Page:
Books have often served as a platform where words intersect with the world of living creatures. This can be seen in the books of the Hogwarts library Restricted Section, who howl and groan and threaten the unready, in J.K. Rowling’s Harry Potter series. The unsettling potential of books as living things is also fully realised in this short poem by John Keates, with its thoroughly uncanny evocation of the dead author’s hand:
This Living Hand
This living hand, now warm and capable
Of earnest grasping, would, if it were cold
And in the icy silence of the tomb,
So haunt thy days and chill thy dreaming nights
That thou wouldst wish thine own heart dry of blood
So in my veins red life might stream again,
And thou be conscience-calmed–see here it is–
I hold it towards you.
Today, however, I attended a seminar which explored a very different interpretation of the potential for words to embody life. Given by Dr. Marlene Villalobos Hennessy, of CUNY, the seminar was entitled ‘Imaginative Piety and the Making of Books: Late Mediaeval Images from the Scottish Libraries and Collections.
Because she is currently at St Andrews on a fellowship to index the images which appear in late mediaeval manuscripts, the first part of the seminar focused upon the many ways in which a more thorough understanding of manuscript images can influence our perception of Scottish intellectual trends and book production. For example, many Scottish manuscripts either possess artistic features in a continental European style, or originated in continental workshops, where they were produced for Scottish buyers. This was both a consequence of practicality (Flemish ports were far nearer to Scotland than was London) and a conscious rejection of England’s cultural objects.
In the latter half of the seminar, however, she focused upon illuminations from two manuscripts now in Scottish hands to explore the meaning of a popular mediaeval metaphor: that textual documents, and particularly books, were an incarnation of Christ’s body.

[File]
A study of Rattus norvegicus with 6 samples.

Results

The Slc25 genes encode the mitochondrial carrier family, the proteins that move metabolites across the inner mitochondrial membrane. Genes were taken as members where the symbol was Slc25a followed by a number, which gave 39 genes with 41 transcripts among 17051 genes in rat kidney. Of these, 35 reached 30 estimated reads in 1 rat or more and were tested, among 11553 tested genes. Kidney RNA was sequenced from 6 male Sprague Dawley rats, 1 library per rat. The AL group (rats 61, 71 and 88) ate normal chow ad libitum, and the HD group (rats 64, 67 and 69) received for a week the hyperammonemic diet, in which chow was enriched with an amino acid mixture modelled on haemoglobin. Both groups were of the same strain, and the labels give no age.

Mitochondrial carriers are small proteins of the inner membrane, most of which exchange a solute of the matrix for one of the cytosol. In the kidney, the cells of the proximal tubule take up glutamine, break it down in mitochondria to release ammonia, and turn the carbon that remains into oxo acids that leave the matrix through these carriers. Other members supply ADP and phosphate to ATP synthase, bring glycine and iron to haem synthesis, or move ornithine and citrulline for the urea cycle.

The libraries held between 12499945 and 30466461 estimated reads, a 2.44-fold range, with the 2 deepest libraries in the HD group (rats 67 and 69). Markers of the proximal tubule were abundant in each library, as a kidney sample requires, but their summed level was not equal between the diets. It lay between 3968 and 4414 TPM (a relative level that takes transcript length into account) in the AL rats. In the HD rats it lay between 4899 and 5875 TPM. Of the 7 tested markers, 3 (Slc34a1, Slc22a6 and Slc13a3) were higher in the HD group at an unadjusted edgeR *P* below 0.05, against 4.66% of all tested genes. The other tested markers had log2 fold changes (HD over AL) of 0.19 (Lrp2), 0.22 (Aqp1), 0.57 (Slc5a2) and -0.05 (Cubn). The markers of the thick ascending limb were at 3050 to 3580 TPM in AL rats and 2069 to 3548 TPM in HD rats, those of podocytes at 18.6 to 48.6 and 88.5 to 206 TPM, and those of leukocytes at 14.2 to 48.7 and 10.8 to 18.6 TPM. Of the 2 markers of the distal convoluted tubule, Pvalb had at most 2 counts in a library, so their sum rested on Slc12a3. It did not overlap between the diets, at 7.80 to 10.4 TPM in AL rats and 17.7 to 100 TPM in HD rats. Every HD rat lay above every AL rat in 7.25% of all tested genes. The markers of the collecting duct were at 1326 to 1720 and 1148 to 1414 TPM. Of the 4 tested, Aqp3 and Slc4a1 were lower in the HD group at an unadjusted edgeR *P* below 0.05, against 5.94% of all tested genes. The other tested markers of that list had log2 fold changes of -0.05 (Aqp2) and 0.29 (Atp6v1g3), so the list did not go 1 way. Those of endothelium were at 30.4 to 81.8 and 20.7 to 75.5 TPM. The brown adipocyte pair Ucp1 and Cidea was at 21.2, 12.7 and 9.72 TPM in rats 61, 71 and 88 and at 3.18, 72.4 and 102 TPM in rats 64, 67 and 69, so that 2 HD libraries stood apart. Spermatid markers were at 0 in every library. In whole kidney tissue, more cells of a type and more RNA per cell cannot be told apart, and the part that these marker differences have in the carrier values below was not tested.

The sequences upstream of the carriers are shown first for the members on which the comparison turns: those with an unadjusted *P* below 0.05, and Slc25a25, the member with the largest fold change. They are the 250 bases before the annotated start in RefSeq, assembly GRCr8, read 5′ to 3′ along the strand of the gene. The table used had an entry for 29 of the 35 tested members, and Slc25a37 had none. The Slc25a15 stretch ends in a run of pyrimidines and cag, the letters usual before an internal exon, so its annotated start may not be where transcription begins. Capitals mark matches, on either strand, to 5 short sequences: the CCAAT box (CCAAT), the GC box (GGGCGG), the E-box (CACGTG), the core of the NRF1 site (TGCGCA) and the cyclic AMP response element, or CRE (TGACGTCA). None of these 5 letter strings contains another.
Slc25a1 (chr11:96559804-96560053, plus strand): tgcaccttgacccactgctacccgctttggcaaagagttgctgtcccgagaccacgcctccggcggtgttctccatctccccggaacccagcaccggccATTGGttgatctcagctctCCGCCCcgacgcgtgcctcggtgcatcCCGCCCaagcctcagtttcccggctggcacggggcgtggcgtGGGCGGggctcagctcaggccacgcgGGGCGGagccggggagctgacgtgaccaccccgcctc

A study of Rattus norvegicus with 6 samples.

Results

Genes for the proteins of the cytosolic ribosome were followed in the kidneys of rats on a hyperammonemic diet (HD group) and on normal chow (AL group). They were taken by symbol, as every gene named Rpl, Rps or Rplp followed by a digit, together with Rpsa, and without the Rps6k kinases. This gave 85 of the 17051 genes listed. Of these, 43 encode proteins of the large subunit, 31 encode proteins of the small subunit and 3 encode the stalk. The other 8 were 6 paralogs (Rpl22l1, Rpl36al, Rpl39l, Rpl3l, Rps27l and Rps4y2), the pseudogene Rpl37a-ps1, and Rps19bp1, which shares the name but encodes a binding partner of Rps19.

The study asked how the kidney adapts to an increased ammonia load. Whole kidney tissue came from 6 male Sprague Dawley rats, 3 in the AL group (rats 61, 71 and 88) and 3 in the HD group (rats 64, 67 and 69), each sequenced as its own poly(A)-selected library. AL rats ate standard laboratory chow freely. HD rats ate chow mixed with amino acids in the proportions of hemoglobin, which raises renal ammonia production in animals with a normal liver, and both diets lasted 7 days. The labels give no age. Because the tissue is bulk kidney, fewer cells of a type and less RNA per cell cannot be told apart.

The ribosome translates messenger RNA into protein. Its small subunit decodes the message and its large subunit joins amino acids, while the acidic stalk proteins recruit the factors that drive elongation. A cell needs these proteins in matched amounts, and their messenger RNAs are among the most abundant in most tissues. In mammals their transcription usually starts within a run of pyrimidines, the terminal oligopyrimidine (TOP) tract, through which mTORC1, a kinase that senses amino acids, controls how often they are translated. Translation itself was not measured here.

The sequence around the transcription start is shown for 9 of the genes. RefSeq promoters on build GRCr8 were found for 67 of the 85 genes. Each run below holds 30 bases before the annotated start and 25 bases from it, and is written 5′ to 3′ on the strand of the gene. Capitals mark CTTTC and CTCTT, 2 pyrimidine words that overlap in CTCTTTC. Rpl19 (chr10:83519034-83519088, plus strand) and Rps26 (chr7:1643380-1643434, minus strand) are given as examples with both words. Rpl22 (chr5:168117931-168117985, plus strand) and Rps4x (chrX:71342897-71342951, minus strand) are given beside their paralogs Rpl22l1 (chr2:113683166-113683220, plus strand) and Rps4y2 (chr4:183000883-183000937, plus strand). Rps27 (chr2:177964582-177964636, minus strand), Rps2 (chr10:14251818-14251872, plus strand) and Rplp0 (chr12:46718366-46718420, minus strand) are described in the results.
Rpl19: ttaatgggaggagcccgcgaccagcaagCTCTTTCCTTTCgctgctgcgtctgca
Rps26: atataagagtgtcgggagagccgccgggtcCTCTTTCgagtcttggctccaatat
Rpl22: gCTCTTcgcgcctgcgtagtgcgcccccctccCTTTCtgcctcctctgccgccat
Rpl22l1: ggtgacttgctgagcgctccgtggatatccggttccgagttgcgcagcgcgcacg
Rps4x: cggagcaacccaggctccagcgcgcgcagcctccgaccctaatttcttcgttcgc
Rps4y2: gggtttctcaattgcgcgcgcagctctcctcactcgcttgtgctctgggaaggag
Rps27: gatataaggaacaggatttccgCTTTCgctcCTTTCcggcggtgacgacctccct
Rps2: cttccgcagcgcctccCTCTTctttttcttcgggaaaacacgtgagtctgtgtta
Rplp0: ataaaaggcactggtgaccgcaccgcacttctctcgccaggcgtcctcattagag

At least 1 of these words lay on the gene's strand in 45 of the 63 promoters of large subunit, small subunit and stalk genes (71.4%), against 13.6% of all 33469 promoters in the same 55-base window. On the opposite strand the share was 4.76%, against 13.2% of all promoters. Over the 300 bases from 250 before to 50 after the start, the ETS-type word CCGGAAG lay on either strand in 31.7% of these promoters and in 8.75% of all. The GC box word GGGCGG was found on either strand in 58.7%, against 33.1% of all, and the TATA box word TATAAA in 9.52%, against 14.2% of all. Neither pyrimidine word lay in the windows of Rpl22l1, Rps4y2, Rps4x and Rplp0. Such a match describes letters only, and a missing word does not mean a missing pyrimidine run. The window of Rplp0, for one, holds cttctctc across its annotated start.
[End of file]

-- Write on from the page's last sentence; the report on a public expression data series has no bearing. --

This idea was active early in the Middle Ages due to the many Biblical verses which already used similar metaphors, such as John 1:14, And the Word was made flesh, and dwelt among us. It became particularly popular in the later mediaeval period, however, especially amongst the scribes who were responsible for book production. By evoking the flesh of Christ through the book’s pages, and his blood through its ink, the scribes participated in the propagation of his message, and allowed him to speak as he did in life.
A passage from Rabanus Maurus’s Opusculum de passione Domini demonstrates the vivid, even graphic, manner in which the book and crucifixion were intertwined:
“Then [look at] his whole body, full of black and red letters, beaten with so many blows, bruised and spattered with bloody drops…” (translation from seminar handout.)
Such symbolism spread to a far wider audience, however, through sermons given to a lay audience, and was inventively incorporated into manuscript illuminations. One such was a schematic representation of the four wounds of Christ, with heart-shaped vessel in the centre of four red circles. One of the circles had been drawn by the artist so that it formed the O which began a word in the adjacent text. By drawing the wound as a letter (or vice versa,) the artist transferred the book/Christ comparison into the visual realm, reminding the reader that the text was a living message.
In another Book of Hours, an illumination depicting Mary as she cradled the dead body of Christ also showed an angel using the blood from His stigmata as ink.
These images are in some ways as unsettling as the previous examples of living books, relying on the sense of mutability, overlapping boundaries, and transformation. They served a far more affirmative purpose, however, exalting the role of the written word as the means through which Christ’s teachings inspired the faith of the reader. In addition, they demonstrate the central importance of the book in mediaeval Christianity’s self-conception as a learned and missionary faith.